Africa’s emerging wind-energy sector offers stability and promises to drive the region’s economy to double-digit growth by 2030, say observers. Developers and energy planners in the region hope to generate an additional 10.5 GW of clean and sustainable energy in the midterm, once ongoing and planned wind projects are fully developed.
At least 16 wind-energy projects with a total capacity of 1.5 GW are under way on the continent, and another 9 GW worth of projects are planned in the near future. Currently, Africa has an installed wind-energy capacity of 1.1 GW, less than 0.5% of the global capacity.
South Africa, Egypt, Kenya, Ethiopia, Tunisia and Tanzania are the countries leading the implementation of wind projects as the continent seeks to increase access to electricity. Today, an estimated 500 million people don't have access to electricity in Africa.
A few major developers of wind energy have entered the African wind-energy market successfully, signing engineering, procurement and construction contracts. Others have grabbed orders for the supply of turbines for the planned wind farms.
The African Development Bank says the planned and ongoing projects in southern and eastern Africa will generate 29% and 10%, respectively, of Africa’s wind-energy market.
An estimated 75% of the ongoing and planned wind-energy projects on the continent are in South Africa, Egypt and Morocco. When fully developed, the projects will contribute about 83% of the total current installed capacity. Most of the projects have a capacity ranging from 1 MW to 100 MW.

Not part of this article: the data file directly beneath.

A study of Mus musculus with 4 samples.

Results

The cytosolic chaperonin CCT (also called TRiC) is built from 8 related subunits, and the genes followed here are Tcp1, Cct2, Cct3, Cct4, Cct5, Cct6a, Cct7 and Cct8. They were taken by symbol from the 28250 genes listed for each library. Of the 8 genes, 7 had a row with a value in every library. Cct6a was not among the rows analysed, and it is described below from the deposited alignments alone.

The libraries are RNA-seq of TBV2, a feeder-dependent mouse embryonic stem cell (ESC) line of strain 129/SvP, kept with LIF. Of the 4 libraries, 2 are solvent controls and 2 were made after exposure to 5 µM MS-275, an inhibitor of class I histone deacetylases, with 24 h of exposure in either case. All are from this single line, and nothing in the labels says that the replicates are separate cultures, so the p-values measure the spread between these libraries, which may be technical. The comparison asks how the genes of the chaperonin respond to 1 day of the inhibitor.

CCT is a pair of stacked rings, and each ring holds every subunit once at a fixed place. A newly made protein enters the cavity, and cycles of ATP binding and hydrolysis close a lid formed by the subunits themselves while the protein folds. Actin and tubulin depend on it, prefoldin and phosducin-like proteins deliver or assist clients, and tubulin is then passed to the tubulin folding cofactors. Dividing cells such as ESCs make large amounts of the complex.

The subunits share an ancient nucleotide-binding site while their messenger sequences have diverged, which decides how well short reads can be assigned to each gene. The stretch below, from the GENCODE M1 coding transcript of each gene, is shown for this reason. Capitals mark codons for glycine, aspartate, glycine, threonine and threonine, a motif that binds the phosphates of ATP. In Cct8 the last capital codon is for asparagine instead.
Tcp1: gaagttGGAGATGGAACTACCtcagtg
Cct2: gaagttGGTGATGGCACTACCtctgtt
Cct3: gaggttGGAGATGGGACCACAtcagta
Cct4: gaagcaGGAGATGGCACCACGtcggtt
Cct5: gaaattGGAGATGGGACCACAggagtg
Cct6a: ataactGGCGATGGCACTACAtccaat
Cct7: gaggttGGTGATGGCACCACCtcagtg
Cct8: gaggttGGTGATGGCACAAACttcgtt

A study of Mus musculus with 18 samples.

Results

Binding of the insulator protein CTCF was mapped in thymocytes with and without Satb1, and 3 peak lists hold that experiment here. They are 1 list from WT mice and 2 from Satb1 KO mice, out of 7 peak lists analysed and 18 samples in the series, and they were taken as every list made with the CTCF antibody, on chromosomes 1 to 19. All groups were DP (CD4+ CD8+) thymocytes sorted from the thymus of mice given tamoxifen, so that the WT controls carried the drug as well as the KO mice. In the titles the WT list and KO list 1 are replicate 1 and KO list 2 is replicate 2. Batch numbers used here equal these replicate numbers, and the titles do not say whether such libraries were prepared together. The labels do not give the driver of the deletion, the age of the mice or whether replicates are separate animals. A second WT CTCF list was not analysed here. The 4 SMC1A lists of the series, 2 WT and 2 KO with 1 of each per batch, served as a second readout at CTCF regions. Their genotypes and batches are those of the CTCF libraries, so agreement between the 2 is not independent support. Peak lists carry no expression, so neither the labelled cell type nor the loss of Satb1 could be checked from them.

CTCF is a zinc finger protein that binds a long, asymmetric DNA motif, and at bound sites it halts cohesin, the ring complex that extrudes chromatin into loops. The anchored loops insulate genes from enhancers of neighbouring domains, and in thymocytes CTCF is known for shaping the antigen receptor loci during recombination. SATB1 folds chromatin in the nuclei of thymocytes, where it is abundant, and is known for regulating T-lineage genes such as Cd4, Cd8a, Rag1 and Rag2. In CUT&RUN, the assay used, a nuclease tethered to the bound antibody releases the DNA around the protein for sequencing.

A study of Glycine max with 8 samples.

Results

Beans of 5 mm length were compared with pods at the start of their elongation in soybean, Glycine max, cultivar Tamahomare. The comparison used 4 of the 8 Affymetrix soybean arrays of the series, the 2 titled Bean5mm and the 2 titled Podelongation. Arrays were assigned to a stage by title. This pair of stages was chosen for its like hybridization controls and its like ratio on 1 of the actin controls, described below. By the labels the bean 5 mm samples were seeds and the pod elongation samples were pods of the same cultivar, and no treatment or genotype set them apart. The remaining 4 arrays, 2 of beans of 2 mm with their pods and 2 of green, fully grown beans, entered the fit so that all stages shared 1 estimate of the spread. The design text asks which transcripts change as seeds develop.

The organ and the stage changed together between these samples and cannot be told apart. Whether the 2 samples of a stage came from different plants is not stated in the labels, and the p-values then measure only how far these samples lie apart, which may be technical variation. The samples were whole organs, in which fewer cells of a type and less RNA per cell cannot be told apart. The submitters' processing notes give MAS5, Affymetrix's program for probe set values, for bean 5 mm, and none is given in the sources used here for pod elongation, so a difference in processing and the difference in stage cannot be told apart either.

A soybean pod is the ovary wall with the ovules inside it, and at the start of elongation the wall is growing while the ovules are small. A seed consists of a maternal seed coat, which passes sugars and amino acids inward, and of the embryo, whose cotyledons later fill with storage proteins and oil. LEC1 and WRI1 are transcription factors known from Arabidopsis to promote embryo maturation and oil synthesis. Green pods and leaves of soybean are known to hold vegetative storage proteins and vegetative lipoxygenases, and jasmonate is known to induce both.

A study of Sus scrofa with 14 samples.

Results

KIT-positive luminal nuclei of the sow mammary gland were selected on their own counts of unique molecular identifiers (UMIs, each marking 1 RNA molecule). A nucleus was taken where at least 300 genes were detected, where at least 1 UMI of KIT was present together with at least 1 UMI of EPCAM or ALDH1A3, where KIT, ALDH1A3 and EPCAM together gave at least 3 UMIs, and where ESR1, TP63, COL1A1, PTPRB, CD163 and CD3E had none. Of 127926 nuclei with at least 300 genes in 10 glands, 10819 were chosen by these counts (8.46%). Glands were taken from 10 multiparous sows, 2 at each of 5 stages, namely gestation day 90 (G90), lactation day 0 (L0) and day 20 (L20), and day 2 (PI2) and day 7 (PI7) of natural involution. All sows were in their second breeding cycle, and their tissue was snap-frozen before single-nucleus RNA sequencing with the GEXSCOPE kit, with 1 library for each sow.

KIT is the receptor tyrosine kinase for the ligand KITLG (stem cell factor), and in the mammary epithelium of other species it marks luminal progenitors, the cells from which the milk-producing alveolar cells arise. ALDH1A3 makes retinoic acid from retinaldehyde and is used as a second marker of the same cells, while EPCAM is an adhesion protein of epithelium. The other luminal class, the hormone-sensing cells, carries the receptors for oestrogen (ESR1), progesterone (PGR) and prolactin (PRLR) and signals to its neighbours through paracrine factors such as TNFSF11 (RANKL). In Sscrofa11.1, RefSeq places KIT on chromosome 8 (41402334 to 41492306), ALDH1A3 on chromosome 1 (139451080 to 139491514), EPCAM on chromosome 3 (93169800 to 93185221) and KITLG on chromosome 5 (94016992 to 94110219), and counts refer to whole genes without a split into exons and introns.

However, a quarter of the ongoing projects and 36% of those planned are more than 200 MW, “suggesting either progress toward maturity of the market or transferability of technologies already tested in the continent,” say four research economists for the African Development Bank in a 2012 overview of African wind-energy development.
International wind-energy developers have seized the investment opportunity provided by the appreciating African market to successfully bid for turnkey engineering, procurement and construction contracts, while some have grabbed supply tenders of wind turbines at a time when the eurozone crisis is said to have contracted the European market.
Spain’s Gamesa leads the pack of international developers in Africa’s wind market, with installed capacity of 630.8 MW and another 590 MW of planned capacity in Egypt, Morocco and Tunisia.
Meanwhile, Denmark’s Vestas has installed capacity of 136.3 MW and an additional planned capacity of 55 MW in Egypt, Kenya, Morocco, South Africa and Cape Verde. France’s Vergnet has a planned total capacity of 125 MW in Eritrea, Mauritius, Ethiopia and Mauritania.